The Photograph Movie Review

This is a different type of Valentine’s Day movie than what were used to. By that I mean, ‘The Photograph’ is an exceptional story told in an unconventional way.

With the use of flashbacks, it gives you insight into four heads, four hearts and four loves. Two of the plot-lines are of mother and daughter. Two others are of couples struggling with love. But all involve one woman who is inextricably caught up in the chaos of it all. At times, it moves slowly but understand love between people who generally run from it, it’s acceptable to let the tale gradually evolve. This is a beautiful account of the fact that it can take what’s best for us, a long time to develop. It’s also a sad reminder that sometimes, when we don’t speak up and say what’s in our hearts, the picture may never quite come into focus.

 

Written and directed by Stella Meghie (Everything, Everything), it’s important to note that she so loves her characters she takes great care in picking music that sets the tone for every mood she wants them to convey to the audience. Beware. She has a rather sophisticated palate. The way she has her characters swaddled in jazz; she gives you the feeling that you’ve learned a little something by the time you leave the theatre. If you’ve never quite liked Al Green, Whitney Houston and Anita Baker before, you will now, especially by hearing them lined up among the euphonious Robert Glasper score.

 

Issa Rae (Little, The Hate U Give) who plays Mae and Lakeith Stanfield (Uncut Gems, Knives Out, Sorry to Bother You), Michael Block, are assertive, intelligent individuals who have ambitions beyond finding love, however, when the love-bug bites, how can one stop the infection from spreading? He, a journalist and she, a museum curator, their story starts after the death of her mother, Christina. When he falls in love with Christina’s photography work, he has to know more and does a piece on his subject. He then meets Mae and is as equally drawn in by her presence as he was by what was displayed in Christina’s photos. Her photographs reveal a warmth and passion that burned inside of her that Michael can see is scorching hot inside of Mae.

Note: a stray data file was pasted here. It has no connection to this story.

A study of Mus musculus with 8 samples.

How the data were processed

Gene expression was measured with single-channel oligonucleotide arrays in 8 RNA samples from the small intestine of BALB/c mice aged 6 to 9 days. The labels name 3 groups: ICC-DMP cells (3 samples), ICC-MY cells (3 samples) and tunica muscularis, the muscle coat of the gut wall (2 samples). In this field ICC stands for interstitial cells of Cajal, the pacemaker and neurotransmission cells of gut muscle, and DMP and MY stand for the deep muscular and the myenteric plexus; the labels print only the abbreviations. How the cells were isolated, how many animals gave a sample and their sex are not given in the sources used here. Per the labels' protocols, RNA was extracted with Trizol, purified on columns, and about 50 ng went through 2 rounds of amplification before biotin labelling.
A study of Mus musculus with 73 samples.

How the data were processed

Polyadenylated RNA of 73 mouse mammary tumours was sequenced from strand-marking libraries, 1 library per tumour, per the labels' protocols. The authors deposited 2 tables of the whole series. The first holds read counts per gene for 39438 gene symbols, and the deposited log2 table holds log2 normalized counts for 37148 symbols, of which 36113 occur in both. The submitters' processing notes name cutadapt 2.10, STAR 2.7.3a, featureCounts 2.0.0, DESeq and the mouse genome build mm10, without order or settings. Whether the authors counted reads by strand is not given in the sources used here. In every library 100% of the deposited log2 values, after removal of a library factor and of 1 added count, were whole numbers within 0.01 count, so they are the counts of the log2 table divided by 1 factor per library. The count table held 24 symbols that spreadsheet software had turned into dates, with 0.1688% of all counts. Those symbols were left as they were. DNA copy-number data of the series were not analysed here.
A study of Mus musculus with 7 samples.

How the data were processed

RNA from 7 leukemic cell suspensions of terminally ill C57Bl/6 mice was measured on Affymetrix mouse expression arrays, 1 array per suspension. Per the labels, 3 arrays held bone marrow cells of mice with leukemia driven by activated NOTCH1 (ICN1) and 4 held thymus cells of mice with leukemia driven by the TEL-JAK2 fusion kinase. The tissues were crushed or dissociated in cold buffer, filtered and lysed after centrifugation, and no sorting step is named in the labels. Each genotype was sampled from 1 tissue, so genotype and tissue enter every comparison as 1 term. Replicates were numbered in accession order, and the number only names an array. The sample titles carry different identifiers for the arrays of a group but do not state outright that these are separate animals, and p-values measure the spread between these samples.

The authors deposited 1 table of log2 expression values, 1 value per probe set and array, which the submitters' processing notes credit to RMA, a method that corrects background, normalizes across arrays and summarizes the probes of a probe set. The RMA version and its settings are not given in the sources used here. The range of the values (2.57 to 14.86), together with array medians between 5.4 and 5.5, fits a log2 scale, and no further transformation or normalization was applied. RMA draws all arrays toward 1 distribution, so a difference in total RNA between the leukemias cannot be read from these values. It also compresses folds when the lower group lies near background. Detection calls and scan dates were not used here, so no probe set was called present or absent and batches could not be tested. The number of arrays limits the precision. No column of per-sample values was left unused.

It’s a somewhat subtle message but if paying close attention, you’ll see the artistry Meghie put in to show you this couple’s love story evolve. The on-screen chemistry between the actors can’t be denied. One could easily imagine them taking it to another level. Also, the script is real. There are sweet, tense and humorous moments in their lives similar to our own. We watch these two go through it all. It’s very personal and it’s easy for you to root for them both. That is until, as everyone else in the movie has at some point, Michael drops a bomb that poor Mae wasn’t expecting. But that’s also the reason to see this movie. Love isn’t always easy but is it strong enough to make it worth the trip?
See ‘The Photograph’ today because outside of Meghie taking it a bit too leisurely at times, it most definitely is!

The Photograph

Director: Stella Meghie
Writers: Stella Meghie
Stars: LaKeith Stanfield, Issa Rae, Chelsea Peretti
Rating: PG-13
Running Time: 1h 46m
Genres: Drama, Romance

I'm the Sr. Film Writer and Community Manager for tmc.io. I write, direct and produce short films with my production company, Good Stew Productions. I'm now working on my first feature film which is a lot of work but a lot of fun! Though it's hard to answer this questions when asked, I'd say my favorite movie is “The Big Chill.” I enjoy photography, poetry, and hiking and I adore animals, especially elephants. I live in Arizona and feel it's an outstanding and inspirational place to live.